Moving with Momentum: Physical Litera...

Moving with Momentum: Physical Literacy and Success

Moving with Momentum: Physical Literacy and Success

By: Melissa Gaudette

At Momentum Montessori, their physical literacy program is all-inclusive and built into their daily routine, thereby fostering children’s emotional well-being and physical health. From fun outdoor play to swimming and water safety, lessons are organised and built off of curriculum expectations and standards, all while shaping and developing fundamental skills in a positive and safe environment. Students learn these valuable skills in dynamic Toronto, which offers a multitude of varied learning opportunities, both indoor and outdoor.

Children learn the importance of movement and physical literacy as part of everyday life—it develops learning how to move, build strength, and how to do activities with proper technique.  Gross motor skills, for example, are developed with physical literacy. Activities like running, leaping, crawling, and balancing help children embrace a lifelong love of physical activity, thereby benefiting their health and learning capabilities.

Participants in physical literacy are focused and engaged in learning. Children become stronger students. Studies have shown that secondary students perform better—including higher test scores and participation in student leadership roles—when the love of physical literacy has been fostered at an early age.

Adam Buchnea, a sports day camp co-ordinator and a Secondary Physical Education teacher for the York Region District School Board, is an advocate for early physical literacy. As a teacher, he sees the difference between students who have had physical literacy as part of their early lives and those who haven’t. For him, there are clear differences: their ability to participate in sports (and physical literacy), and their self-confidence.

Buchnea states, “There is a certain confidence aspect [from athletes]. In high school, a lot of student leaders carry themselves with confidence. [Physical literacy] develops more of a level of confidence and comfort around people.”

Physical literacy creates positive socialisation. Buchnea adds, “It develops teamwork and a sense of cohesion; it’s very powerful. The earlier you start it, the more comfortable the students are going to feel in that environment . . . Exposing your young children to physical activity from a young age is going to have a huge social impact.”

Lifelong habits are created; the earlier the healthy habits start, the sooner that children perform better.  Buchnea comments that physical literacy at a young age develops the building blocks for future sports. “The earlier you start those skills, the more physically literate the children will be; it will encourage them to participate in other activities because they have the basic skill set of basic modes of locomotion to be successful in older sports,” he states.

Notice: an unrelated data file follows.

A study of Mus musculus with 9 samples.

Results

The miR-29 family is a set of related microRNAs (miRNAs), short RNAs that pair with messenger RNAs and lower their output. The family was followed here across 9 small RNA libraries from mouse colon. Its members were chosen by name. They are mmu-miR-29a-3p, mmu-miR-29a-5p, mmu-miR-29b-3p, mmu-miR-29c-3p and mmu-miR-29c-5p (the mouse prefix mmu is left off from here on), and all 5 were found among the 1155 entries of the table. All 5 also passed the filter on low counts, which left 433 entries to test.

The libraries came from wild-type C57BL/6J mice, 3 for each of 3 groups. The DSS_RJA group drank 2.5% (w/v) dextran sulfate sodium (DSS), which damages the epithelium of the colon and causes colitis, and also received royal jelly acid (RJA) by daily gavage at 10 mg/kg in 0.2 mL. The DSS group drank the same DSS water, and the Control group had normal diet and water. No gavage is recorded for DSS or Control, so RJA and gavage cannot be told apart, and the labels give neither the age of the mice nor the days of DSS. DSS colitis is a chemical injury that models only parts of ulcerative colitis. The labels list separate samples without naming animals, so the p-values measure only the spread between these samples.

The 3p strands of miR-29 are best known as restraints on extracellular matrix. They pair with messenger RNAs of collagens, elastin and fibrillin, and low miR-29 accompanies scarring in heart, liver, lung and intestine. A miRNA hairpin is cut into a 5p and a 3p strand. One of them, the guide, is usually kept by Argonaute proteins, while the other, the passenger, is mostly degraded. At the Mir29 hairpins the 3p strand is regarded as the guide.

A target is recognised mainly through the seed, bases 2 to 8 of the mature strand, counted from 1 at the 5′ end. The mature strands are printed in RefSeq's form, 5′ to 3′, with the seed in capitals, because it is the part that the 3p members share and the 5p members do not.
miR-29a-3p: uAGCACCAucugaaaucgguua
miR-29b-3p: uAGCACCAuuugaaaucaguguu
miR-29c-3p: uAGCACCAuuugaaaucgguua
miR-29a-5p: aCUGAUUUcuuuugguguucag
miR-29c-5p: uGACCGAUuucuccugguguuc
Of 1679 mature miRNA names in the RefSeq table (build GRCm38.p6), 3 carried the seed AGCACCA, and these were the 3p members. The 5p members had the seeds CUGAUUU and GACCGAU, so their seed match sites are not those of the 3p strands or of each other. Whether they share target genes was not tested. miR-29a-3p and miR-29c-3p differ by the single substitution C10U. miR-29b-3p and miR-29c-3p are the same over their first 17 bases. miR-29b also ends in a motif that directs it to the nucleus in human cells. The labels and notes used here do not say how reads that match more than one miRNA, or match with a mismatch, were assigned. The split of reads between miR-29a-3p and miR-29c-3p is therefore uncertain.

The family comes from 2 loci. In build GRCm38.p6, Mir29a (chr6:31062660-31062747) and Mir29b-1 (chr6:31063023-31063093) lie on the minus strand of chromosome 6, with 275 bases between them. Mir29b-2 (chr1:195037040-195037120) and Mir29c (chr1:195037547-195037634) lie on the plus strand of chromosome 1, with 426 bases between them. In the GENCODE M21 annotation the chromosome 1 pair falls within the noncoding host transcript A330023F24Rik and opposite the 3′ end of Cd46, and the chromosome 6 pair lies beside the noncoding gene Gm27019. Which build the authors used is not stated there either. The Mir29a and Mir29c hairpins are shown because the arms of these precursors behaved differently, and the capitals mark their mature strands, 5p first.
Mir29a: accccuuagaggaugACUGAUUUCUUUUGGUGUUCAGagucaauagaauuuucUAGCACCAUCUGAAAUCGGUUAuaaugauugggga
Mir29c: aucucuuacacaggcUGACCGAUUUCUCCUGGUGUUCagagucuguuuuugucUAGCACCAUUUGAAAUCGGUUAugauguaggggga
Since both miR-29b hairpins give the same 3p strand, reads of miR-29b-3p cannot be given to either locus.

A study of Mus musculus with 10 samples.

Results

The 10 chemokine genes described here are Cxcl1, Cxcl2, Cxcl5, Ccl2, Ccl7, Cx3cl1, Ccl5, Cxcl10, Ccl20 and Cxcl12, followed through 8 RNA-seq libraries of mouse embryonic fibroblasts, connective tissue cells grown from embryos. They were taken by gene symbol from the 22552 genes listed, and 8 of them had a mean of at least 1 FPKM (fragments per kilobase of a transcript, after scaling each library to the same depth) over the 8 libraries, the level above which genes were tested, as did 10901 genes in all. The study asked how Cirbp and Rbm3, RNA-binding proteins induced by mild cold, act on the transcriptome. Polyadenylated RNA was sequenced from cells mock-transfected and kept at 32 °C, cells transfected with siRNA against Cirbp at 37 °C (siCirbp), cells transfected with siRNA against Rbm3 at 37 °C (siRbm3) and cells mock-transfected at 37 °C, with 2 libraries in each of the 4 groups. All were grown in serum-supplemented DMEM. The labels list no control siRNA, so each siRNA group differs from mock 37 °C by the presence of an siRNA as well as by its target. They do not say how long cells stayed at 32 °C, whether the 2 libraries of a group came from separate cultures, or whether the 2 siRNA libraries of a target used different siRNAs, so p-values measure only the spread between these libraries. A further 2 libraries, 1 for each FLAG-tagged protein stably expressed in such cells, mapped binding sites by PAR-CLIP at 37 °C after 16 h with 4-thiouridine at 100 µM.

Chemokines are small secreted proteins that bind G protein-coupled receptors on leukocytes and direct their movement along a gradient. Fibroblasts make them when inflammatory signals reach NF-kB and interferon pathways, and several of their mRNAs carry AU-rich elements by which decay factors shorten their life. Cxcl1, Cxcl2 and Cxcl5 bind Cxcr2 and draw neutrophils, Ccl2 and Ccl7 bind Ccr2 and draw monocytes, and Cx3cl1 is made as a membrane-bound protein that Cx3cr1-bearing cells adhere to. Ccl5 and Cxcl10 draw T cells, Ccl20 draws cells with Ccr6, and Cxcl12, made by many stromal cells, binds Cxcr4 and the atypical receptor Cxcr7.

Physical literacy isn’t limited to sports. Physical literacy promotes healthy activity which connects to the reduction of obesity, the strengthening of bones, and overall cardiovascular health.  This health benefit, when started young, will transcend into lifelong health practices.

Furthermore, behavioural issues are eliminated or dramatically reduced once regular physical literacy has been incorporated into a child’s life. Having physical movement as an outlet helps allow children to not only develop confidence and friendships, but channel their energy, thereby leaving children with a stronger ability to focus.

Buchnea states, “There’s tremendous benefits for them. When they go home, first of all, they’re more calm. . . for [teachers], I notice it on a day where they can do physical activity, there’s much less behavioural issues.”

Studies have proven that physical literacy directly connects to higher grades and test scores. Simply, students who participate in physical activity have a better balance with stress management, time management, and positive socialisation interactions. Students are focused and engaged when physical activity is routine.

Creating positive habits as routine is unique to Momentum Montessori. Because it is a private school, it isn’t limited to a rigid schedule of block classes—physical literacy is cultivated and regularly integrated into daily activities for all learners. As early as 18 months, students learn the beneficial fundamentals of movement. Toddlers see success in learning. The advantageous design of the program builds and transfers into the pre-school curriculum; pre-school students have the tools needed for achievement.

Momentum Montessori implements physical literacy daily. Emotional and mental health is balanced. Physical health is promoted. Fundamental skills are developed. Your child’s well-being and happiness is enriched. By incorporating physical literacy in the curriculum, Momentum Montessori shapes children into healthy and balanced individuals.

Physical literacy at Momentum Montessori is the smart start to success.